Chicago police officials have recommended firing seven officers for lying about the shooting death of Laquan McDonald, a black teenager whose 2014 killing helped spark intense protests and a federal investigation of the department.
After receiving this report, police officials and outside attorneys reviewed it and agreed to recommend firing seven officers, Anthony Guglielmi, a police spokesman, said Thursday morning. The issue now goes to the Chicago Police Board, which will make a decision in the case.
“The officers have been relieved of their police powers prior to the determination of the Police Board,” Guglielmi wrote in an email.
The officers were accused of Rule 14 violations, meaning delivering a false report.
The inspector general’s report also cited two other officers who have since retired, police officials said, as well as another officer whom the department did not recommend firing. Guglielmi said that the police department “respectfully disagrees” with the inspector general’s recommendation that the 10th officer be fired. A copy of the inspector general’s report has not been made public.
Last November, more than a year after McDonald’s shooting in October 2014, officials released video showing Officer Jason Van Dyke firing 16 rounds at the teenager. The same day they released the footage, which came out amid intense national focus on how police officers use lethal force, Van Dyke was charged with murder.
Questions have remained since McDonald’s death nearly two years ago about what discipline could follow, after suggestions that the teenager lunged at police was shown to be untrue by the video footage.
The footage touched off heated demonstrations in the city and prompted remarkable, ongoing fallout for the country’s second-biggest local law enforcement agency. Mayor Rahm Emanuel (D), who was highly criticized over how officials handled the shooting, forced out the city’s police superintendent, Garry McCarthy.
The Justice Department said not long after that it was launching an investigation into the department, a sweeping “pattern or practice” probe meant to determine whether officers violated the Constitution or federal law. These investigations can often result in court-enforced orders outlining changes to how departments operate. A similar probe in Baltimore, also launched after protests dominated that city’s streets, just concluded with promises of sweeping overhaul.
The federal investigation in Chicago is ongoing, and as part of it investigators will look into how the department handles discipline, according to an official familiar with the probe, who asked not to be identified discussing an active inquiry.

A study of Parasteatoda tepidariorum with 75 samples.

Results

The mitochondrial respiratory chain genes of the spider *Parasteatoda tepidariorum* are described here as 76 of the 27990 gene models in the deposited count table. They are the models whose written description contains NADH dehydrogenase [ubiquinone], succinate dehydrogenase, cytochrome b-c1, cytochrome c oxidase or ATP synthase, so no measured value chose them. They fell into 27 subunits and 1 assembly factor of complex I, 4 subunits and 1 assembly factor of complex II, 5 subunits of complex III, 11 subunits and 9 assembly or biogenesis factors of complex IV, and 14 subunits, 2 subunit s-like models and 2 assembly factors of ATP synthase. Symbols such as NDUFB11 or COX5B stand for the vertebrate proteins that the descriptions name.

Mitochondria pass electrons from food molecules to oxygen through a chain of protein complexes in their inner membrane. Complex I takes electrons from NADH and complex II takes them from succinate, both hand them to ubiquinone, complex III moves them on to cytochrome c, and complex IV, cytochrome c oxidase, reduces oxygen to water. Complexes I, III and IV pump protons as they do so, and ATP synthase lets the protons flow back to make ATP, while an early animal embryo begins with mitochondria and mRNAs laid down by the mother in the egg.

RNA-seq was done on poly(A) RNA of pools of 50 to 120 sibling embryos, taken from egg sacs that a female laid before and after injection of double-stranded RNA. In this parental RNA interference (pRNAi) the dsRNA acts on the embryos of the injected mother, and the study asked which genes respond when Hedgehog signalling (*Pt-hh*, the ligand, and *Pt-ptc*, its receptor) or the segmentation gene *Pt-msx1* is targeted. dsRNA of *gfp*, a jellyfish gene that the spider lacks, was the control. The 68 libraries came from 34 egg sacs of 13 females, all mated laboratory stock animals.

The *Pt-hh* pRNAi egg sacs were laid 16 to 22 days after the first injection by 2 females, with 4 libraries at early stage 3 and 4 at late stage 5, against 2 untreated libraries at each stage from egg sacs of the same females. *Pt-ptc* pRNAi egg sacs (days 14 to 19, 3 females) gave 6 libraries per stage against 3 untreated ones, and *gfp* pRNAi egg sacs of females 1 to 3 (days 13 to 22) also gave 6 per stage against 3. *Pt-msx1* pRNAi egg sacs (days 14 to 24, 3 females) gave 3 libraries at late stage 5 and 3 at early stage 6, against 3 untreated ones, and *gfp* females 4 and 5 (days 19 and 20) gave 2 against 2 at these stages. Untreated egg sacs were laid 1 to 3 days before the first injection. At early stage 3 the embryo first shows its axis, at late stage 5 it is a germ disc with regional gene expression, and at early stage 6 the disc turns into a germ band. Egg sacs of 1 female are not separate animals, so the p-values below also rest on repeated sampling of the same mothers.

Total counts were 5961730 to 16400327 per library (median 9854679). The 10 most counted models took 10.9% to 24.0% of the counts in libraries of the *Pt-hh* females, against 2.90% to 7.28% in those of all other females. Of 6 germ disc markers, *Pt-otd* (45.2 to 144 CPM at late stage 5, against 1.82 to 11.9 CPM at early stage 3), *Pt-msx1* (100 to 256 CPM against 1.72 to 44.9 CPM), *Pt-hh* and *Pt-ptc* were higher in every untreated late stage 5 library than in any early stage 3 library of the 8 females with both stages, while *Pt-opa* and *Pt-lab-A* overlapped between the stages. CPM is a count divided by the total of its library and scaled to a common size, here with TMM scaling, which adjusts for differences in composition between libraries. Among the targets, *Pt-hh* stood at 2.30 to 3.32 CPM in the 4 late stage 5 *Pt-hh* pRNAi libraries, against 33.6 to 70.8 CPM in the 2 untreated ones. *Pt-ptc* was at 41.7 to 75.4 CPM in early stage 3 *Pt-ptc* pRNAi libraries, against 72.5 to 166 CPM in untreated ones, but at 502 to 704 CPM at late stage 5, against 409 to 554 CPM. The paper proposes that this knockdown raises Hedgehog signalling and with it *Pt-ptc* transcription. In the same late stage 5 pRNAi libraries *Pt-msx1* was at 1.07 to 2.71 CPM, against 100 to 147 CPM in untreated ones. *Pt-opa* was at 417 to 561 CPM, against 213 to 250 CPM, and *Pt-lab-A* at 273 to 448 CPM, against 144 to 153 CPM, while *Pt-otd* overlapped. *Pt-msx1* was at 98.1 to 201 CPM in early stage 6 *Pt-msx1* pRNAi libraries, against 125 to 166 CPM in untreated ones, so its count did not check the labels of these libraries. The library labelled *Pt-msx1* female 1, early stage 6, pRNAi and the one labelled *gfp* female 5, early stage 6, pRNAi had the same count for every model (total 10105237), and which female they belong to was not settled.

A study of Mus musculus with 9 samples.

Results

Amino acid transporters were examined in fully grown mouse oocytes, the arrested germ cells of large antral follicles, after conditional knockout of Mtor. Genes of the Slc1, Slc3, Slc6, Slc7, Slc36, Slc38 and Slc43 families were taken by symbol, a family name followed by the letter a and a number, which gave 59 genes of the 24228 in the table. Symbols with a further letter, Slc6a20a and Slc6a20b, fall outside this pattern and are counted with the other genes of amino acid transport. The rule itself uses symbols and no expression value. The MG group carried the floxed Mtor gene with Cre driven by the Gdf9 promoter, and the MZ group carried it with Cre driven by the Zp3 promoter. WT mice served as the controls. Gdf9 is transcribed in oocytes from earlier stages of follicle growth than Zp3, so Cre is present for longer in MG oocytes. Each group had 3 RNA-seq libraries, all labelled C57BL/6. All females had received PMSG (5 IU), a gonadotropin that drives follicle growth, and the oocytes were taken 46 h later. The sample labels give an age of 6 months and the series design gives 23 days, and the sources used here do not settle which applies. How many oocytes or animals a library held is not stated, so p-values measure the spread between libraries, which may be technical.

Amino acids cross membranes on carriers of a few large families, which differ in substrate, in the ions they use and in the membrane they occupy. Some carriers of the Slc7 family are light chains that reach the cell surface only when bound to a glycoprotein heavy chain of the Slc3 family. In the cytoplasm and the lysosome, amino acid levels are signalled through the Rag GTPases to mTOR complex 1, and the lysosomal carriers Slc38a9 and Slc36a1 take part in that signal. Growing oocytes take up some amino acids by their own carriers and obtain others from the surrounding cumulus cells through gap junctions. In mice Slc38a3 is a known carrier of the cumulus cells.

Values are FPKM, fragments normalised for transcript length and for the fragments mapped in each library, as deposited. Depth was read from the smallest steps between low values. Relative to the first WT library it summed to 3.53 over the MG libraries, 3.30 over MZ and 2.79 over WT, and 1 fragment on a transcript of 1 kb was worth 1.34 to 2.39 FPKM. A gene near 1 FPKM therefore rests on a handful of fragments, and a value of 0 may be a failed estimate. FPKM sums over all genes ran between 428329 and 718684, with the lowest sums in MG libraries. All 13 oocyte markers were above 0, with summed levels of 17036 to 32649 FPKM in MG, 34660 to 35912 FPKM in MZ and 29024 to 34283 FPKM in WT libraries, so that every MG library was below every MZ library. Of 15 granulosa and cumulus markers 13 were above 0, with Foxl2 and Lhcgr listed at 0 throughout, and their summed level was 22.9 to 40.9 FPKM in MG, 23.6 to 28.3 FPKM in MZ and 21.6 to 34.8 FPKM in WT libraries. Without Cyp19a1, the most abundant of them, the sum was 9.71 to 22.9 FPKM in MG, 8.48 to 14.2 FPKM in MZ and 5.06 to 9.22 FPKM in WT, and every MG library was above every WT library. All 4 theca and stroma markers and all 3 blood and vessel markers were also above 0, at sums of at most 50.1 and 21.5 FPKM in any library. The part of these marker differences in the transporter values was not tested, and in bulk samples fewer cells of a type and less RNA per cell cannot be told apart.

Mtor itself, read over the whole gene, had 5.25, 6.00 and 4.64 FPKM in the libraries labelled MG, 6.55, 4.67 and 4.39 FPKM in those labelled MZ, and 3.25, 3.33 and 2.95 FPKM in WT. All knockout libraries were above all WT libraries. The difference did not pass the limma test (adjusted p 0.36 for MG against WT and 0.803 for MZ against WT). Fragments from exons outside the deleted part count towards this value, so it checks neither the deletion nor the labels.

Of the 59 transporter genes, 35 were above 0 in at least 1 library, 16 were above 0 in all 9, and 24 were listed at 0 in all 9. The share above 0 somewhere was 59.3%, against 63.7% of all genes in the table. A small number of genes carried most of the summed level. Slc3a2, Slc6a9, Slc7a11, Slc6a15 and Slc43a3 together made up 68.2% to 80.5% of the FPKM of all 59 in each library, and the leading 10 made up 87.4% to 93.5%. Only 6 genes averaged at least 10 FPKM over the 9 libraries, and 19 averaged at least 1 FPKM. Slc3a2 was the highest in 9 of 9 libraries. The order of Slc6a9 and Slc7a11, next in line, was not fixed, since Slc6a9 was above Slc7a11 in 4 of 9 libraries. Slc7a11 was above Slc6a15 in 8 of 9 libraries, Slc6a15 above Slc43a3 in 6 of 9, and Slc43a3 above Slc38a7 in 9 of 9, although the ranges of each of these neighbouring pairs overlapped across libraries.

After the McDonald shooting video was released, Emanuel also formed a task force to review the department. This group released a report this year pillorying the police force and saying that the department’s own data give “validity to the widely held belief the police have no regard for the sanctity of life when it comes to people of color.”
Eddie Johnson, a veteran of the department, was unanimously confirmed as superintendent in April, taking over an embattled department at a tumultuous time. Chicago is facing a surge in shootings and bloodshed this year, and many residents are extremely worried about the city’s direction. In a survey released this summer, residents were as likely to think that young people there will be victims of violent crime as to graduate from college.
The city announced a series of reforms after the task force’s report came out that were meant to strengthen investigations into misconduct and speed up internal inquiries. In an effort to show new transparency after being criticized for holding the McDonald video back for so long, authorities released in June a huge volume of videos and reports from open investigations into police shootings and other instances of use of force.
Just recent, another police shooting in Chicago drew national attention. Three officers were stripped of their policing powers by Johnson after an investigation found they had violated departmental policy in the shooting death of Paul O’Neal, an 18-year-old suspected of stealing a car.
Also on Thursday, Johnson announced two new senior police appointments effective next month. Kevin B. Navarro will take over as first deputy superintendent, the department’s second-highest position, while Melissa A. Staples will become the chief of detectives.
“We all share the same goal to make this department better for every Chicagoan and every brave officer that works to keep our streets safe,” Johnson said. “They have my fullest confidence in their ability to serve with honor and build lasting partnerships with the community.”
John Escalante, who had served as first deputy superintendent under Johnson and interim police superintendent before that, was hired as the chief of police for Northeastern Illinois University, the school announced this week. Eugene Roy, the chief of detectives, has reached a mandatory retirement age, the department said.
This story, first published at 12:21 p.m., has been updated.